Falling short has only served to fuel Sarah Haywood’s Olympic fire. The Tasmanian archer – whose introduction to the sport involved a piece of gum tree and a shoelace to form a bow – says moving her target from Tokyo to Paris had been a “silver lining”.And she is reaping the benefits.Having maximised the COVID-19…

Falling short has only served to fuel Sarah Haywood’s Olympic fire.

The Tasmanian archer – whose introduction to the sport involved a piece of gum tree and a shoelace to form a bow – says moving her target from Tokyo to Paris had been a “silver lining”.

And she is reaping the benefits.

Having maximised the COVID-19 crisis to assess her technique and mental approach to her archery, Haywood is primed to get back to competition with Archery Australia now plotting its path back to “COVID normal”.


“Now I’m itching to get out there and actually put it into practice in an event where there’s going to be more pressure and really test it out.”

Prior to the COVID-19 lockdowns that affected each Australian state differently, Haywood, 22, was travelling every second weekend and didn’t have the luxury of time to tinker.

She has since been working with the likes of her coach, Olympic gold medallist Simon Fairweather, and Archery Australia high performance coaches via a variety of online platforms to hone her craft.

Like it has been for most during the COVID-19 crisis, it isn’t ideal, but she was determined not to let the time go to waste despite a lack of face-to-face contact.

“I’d have to be on top of my game within days every time, so it was a fantastic opportunity to go, look, you don’t have to go anywhere, so now is the time to just start from the ground up again, basically,” she said.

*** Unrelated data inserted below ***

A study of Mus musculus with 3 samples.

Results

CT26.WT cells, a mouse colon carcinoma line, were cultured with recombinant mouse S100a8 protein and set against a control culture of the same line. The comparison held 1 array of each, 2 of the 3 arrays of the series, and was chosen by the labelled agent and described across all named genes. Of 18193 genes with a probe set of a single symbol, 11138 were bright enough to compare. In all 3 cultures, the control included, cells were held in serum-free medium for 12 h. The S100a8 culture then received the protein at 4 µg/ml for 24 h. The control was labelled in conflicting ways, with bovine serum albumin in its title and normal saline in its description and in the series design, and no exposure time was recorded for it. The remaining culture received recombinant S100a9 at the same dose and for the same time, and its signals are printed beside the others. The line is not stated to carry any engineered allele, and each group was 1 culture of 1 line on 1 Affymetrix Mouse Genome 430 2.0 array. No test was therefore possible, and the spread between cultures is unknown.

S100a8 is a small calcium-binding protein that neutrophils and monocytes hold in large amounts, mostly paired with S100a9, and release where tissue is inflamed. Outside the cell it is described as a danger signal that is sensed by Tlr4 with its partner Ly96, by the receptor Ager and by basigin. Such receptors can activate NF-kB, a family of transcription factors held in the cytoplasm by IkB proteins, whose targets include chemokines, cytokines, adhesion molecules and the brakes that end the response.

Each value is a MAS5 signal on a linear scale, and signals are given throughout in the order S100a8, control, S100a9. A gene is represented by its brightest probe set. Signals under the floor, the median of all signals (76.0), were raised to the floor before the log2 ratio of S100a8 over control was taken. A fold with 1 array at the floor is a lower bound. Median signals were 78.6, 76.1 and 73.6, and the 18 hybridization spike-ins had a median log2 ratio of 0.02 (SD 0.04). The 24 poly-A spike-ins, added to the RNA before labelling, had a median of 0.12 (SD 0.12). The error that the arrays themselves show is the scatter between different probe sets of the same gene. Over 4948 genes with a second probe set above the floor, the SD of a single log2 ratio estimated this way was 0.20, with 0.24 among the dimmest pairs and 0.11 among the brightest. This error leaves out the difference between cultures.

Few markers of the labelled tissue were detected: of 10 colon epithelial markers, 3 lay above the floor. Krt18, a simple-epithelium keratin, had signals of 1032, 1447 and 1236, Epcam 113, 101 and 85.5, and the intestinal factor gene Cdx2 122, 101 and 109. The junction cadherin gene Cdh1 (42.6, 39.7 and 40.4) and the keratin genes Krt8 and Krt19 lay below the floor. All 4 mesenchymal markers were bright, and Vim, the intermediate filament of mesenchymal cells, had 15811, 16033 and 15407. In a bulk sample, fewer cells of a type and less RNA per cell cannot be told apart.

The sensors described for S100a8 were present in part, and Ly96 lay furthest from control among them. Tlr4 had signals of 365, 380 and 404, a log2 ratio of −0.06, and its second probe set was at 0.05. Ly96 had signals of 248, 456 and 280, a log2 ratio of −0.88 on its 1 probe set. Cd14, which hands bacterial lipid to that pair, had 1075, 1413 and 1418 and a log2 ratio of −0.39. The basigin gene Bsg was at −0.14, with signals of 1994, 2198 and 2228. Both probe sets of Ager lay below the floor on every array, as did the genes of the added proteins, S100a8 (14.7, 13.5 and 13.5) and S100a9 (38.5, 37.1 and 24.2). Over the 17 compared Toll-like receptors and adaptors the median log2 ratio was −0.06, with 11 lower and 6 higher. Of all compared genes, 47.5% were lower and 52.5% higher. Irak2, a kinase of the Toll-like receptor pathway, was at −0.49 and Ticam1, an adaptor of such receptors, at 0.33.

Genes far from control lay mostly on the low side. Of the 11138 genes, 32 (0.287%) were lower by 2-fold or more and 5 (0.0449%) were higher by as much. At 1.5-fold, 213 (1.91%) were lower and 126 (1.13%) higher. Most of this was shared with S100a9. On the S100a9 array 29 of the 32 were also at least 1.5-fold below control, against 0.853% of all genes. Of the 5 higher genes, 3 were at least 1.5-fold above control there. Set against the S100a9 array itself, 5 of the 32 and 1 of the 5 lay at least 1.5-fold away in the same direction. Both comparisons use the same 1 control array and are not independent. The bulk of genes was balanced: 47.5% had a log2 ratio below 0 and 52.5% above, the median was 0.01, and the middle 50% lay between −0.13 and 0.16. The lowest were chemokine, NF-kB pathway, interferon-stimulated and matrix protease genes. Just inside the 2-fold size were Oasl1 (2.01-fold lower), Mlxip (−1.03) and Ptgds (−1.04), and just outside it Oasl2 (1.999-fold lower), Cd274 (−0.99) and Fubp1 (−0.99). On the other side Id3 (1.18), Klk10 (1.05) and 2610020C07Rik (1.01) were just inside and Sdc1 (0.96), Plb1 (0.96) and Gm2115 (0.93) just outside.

“I’ve had five focus areas on the bodily movements, and then the mental side which is about 95 per cent of archery. I’ve been really knuckling down and getting my process right and comfortable.

“Before, I was pretty awful at self-talk.

“Now, I have these things in place, and if I’m nervous, it’s OK, because I’ve got this process that I can stick to and it will calm me down. No matter what happens, I can still perform and execute.”

Recently selected in Archery Australia’s Paris 24 Pathway program that is assisting young athletes on their journey to – hopefully – the 2024 Paris Olympics, Haywood has been able to continue shooting at home just outside of Burnie while other archers were forced off the range.

While she was heartbroken to fall short of a shot at a Tokyo quota spot – which Alice Ingley, Laura Paeglis and Melissa Spinocchia will fight for in 2021 – Haywood has found the bright side.

“It’s bad, but it’s also really good, because I know how to do it differently,” she said.

“I wouldn’t have been so eager to change my technique and mental preparations had I not missed out, so it’s good. Silver linings.”